Davy Knowles has come a long way from Isle of Man.

Blues-rocker Davy Knowles, born on the Isle of Man, admits the last two years have been "something of a blur." The 22-year-old guitar wunderkind split from his original Back Door Slam band mates, took up with a new group of musicians, recorded an album with childhood hero Peter Frampton at the helm, and shared the stage with two of his biggest musical inspirations (Jeff Beck and Gov't Mule's Warren Haynes).

But perhaps the most exhilarating moment came when someone forwarded Knowles a video of some Isle of Man schoolchildren singing his song "Roll Away" to Bee Gees Barry and Robin Gibb, who visited their birthplace last summer.

"I broke down when I saw that," Knowles said. "It was such an emotional thing for me, such an honor. 'Roll Away' is about being proud to be from the Isle of Man, but realizing it's a very tiny place and needing to go out and see more of the world. Which is what I've done."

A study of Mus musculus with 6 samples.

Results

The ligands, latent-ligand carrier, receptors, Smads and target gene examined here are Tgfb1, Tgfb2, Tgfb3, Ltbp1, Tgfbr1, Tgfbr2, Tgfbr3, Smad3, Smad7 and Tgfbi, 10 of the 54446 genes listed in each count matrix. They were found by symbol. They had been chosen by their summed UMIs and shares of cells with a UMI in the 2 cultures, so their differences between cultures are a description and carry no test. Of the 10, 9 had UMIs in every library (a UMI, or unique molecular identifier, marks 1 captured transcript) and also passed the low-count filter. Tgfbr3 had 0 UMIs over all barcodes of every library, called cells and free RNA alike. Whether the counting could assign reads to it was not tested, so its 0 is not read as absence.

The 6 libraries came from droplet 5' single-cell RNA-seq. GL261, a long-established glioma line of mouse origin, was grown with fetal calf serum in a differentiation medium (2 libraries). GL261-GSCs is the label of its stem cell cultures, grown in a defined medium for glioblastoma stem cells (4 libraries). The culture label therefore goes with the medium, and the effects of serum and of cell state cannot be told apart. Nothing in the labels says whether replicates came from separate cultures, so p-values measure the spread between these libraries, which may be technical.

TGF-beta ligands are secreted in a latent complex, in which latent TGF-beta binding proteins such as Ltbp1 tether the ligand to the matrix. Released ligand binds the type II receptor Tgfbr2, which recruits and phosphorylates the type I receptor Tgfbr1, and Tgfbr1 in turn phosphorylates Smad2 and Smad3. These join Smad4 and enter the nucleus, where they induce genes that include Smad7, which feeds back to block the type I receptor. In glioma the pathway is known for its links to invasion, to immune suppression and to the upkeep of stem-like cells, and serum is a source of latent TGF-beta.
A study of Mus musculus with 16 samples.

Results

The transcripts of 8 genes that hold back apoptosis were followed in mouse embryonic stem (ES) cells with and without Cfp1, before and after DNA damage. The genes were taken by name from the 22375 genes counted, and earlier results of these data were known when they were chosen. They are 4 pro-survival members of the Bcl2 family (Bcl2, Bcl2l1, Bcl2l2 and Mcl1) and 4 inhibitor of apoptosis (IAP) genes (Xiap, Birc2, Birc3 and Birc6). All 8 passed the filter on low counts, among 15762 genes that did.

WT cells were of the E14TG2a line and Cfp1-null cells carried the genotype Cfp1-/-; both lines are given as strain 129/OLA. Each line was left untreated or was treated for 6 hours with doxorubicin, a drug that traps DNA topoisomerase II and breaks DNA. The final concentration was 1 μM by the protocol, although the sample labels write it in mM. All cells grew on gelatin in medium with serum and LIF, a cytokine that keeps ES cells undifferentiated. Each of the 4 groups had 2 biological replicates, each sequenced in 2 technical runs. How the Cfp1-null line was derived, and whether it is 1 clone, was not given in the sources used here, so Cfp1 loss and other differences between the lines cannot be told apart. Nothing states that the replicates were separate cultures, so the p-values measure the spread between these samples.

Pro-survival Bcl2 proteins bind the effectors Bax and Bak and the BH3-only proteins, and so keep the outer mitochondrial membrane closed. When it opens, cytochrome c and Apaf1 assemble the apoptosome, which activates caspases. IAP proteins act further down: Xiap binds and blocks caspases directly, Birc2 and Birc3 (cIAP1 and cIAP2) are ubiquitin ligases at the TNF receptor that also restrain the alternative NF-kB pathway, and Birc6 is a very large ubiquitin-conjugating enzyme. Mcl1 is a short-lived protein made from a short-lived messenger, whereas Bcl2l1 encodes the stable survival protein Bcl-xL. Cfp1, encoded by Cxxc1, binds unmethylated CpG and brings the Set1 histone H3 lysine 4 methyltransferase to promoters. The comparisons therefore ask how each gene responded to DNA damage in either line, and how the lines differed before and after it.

Still, the ties run deep for the now-Chicago-based musician, so when Knowles returned home this year to perform, he invited the same 30-some schoolchildren to accompany him onstage for "Roll Away."

"There have been some ups and downs these past couple of years, but far more ups than I could have ever imagined," the ever-humble Knowles said by phone last week. "The opportunities that have come my way have just been amazing."

That's not surprising to anyone who has heard this young guitar god with the smoke-and-whiskey voice perform. Whether belting out Rory Gallagher's "Going to My Hometown" on mandolin or going into a blues-guitar frenzy on Blind Joe Reynolds'/Cream's "Outside Woman Blues," Knowles makes it look (and sound) effortless, earning a name for himself as Britain's most ferocious roots guitarist since the heyday of the Clapton-era Yardbirds.

Backed by drummer Steven Barci, bassist Paul "PK" Kemmish, and keyboardist Ty Bailie for his New Year's Eve gig in Philly, Knowles plans to surprise his father, Tony, that night by asking him to come up onstage for a tune or two: "He'll be terrified, but it will be great."